Farming is one of the most dangerous occupations. Our patchwork of prevention programs and safety efforts have not been able to help reduce the number of serious and fatal accidents.

An in-depth Free Press report in Sunday’s edition highlighted the dangers of farm work with the tragic story of 18-year-old Landon Gran, who died in a grain bin accident last summer.

His mother Michele has begun advocating for state lawmakers to institute more safety programs that would prevent the kind of tragedies that befell her family.

In fact, in Minnesota, there was an unusual increase in grain bin fatalities with eight since last June. There were another 27 fatalities across the U.S. in 2018, according to a study by Purdue University. But danger on the farm doesn’t end with grain bins. Most farm-related fatalities involve tractor rollovers.

Still, farm workers are 800 percent more likely to die in a job-related accident than any other occupation, according to the U.S. Bureau of Labor Statistics.

Minnesota established a tractor rollover prevention program a few years ago, but it has not been consistently funded. Sens. Nick Frentz, DFL-North Mankato, and Rich Draheim, R-Madison Lake, are putting together proposals to improve farm safety in 2020.

The problem with farming is that OSHA has no jurisdiction over farms with less than 10 workers, which means most farms never have a mandated safety inspection or have to report accidents. Farm groups have pushed back against things like OSHA jurisdiction on farms and others don’t want to put more regulations on farmers already stressed due to low commodity prices and other factors.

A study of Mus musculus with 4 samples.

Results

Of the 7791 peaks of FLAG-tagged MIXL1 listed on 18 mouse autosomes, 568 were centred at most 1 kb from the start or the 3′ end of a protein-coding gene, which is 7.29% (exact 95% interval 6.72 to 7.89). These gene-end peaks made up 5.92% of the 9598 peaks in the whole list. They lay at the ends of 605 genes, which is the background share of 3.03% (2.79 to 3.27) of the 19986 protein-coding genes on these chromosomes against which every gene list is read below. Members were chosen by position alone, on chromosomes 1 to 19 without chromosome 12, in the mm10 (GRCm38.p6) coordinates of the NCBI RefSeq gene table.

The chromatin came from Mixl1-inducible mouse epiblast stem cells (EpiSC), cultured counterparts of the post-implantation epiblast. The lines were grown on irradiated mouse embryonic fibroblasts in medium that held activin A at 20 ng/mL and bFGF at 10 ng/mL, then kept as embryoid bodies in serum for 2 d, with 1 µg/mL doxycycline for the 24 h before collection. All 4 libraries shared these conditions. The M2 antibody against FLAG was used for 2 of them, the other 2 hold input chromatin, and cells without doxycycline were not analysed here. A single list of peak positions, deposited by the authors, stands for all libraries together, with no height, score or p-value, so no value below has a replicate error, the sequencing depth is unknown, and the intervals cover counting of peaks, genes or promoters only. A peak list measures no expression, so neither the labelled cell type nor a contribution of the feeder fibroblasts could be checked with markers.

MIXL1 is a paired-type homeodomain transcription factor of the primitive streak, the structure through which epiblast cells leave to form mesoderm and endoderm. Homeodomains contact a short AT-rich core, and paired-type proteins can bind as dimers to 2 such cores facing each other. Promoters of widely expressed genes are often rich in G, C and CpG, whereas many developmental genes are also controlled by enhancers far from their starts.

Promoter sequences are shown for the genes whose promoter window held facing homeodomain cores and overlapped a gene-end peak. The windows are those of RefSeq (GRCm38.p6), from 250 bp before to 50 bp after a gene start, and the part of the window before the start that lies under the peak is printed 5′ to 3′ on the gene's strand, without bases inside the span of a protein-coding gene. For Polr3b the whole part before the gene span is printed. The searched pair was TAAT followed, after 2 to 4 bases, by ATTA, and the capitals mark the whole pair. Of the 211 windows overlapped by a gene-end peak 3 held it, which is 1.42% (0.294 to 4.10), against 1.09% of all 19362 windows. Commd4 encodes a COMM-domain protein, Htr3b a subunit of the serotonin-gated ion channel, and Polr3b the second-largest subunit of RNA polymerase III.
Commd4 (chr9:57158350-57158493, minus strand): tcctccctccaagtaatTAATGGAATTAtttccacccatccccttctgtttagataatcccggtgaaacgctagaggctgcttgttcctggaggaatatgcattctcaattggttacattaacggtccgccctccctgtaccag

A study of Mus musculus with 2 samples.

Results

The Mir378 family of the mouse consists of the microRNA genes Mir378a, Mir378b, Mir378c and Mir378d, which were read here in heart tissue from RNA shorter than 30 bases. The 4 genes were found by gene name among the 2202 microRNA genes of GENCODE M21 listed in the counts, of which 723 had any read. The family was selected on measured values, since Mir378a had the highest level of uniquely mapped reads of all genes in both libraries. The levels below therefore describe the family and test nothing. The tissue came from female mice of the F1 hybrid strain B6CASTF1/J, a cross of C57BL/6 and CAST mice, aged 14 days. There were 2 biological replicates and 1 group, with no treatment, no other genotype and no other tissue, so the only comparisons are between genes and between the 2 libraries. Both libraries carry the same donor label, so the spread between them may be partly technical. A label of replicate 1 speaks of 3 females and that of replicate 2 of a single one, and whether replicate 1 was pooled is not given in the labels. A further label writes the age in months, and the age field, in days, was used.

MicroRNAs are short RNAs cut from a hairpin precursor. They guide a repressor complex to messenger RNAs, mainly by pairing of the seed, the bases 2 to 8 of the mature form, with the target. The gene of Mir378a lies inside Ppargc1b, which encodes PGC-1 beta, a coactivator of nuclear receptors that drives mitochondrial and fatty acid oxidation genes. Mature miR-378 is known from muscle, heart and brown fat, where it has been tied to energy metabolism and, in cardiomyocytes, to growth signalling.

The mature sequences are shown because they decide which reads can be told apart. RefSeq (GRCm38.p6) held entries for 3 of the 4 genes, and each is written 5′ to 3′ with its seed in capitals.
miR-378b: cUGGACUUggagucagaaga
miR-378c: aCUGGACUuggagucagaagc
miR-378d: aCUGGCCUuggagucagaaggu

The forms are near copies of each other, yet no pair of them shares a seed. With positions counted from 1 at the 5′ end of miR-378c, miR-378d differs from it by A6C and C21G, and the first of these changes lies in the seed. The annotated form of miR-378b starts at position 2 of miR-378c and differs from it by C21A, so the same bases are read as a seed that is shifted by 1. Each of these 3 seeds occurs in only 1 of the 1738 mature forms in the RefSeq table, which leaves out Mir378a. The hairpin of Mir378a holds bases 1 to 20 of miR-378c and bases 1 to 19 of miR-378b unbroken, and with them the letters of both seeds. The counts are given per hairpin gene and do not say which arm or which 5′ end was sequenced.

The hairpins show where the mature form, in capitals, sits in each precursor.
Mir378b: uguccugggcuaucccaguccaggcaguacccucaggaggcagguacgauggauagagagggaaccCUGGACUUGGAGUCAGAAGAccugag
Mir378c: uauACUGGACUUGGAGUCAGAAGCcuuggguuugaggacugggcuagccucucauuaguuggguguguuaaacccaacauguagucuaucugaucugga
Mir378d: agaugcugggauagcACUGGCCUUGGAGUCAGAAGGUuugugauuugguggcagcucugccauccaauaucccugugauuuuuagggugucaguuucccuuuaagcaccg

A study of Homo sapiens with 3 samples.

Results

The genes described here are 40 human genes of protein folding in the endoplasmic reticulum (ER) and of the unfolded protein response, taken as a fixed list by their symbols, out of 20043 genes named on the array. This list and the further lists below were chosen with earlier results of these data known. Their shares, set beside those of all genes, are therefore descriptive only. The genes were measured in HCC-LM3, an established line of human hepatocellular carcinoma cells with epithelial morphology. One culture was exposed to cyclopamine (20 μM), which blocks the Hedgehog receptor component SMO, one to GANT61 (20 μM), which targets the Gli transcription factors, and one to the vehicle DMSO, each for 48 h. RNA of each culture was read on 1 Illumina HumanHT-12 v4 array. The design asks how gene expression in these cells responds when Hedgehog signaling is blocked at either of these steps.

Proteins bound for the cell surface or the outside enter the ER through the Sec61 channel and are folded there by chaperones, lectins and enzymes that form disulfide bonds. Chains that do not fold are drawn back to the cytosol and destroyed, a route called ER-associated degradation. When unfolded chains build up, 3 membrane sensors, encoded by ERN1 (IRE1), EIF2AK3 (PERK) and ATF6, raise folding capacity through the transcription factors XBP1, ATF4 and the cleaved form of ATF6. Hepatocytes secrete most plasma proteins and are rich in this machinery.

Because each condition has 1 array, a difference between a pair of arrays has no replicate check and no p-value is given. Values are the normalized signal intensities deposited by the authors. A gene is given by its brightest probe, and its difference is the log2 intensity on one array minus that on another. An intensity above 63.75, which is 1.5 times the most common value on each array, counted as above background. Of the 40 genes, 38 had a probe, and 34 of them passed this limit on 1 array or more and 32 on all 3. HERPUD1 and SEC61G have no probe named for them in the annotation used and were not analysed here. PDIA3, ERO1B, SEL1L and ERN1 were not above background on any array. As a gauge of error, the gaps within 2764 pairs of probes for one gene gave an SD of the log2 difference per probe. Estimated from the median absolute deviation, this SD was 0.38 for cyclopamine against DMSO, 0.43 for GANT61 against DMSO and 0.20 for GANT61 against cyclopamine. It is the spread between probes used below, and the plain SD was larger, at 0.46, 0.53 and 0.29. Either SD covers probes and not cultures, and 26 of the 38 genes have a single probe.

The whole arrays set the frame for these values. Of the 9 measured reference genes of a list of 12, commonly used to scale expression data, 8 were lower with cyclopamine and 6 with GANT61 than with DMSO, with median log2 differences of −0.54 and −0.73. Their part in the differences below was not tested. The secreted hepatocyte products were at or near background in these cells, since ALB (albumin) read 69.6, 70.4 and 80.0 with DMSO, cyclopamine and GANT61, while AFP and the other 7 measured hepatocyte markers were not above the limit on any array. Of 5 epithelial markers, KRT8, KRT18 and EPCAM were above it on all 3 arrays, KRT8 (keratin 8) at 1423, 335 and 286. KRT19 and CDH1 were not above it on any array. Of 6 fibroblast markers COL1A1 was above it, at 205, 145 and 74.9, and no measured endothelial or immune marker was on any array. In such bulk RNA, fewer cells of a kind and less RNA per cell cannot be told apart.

Frentz favors funding a voluntary grant program that would allow farmers to buy safety equipment like cages for augers and harnesses. Those measures could be combined with the program that was initially funding tractor rollover bars.

The voluntary funding programs for roll bars and things like auger cages should be increased at the state level. Some kind of universal training program seems in order as well, perhaps operated through the University of Minnesota extension service. There may well already be programs in place that simply need more support.

It also seems necessary to develop some kind of farm accident reporting system so we can get a handle on the scope of the problem and offer solutions.

We all know agriculture is critical to our daily lives providing food at affordable prices. Now, we must protect the people who bring us that food as they work in one of the most dangerous of workplace environments.

The Legislature should make enhancing farm safety a priority in the 2020 session.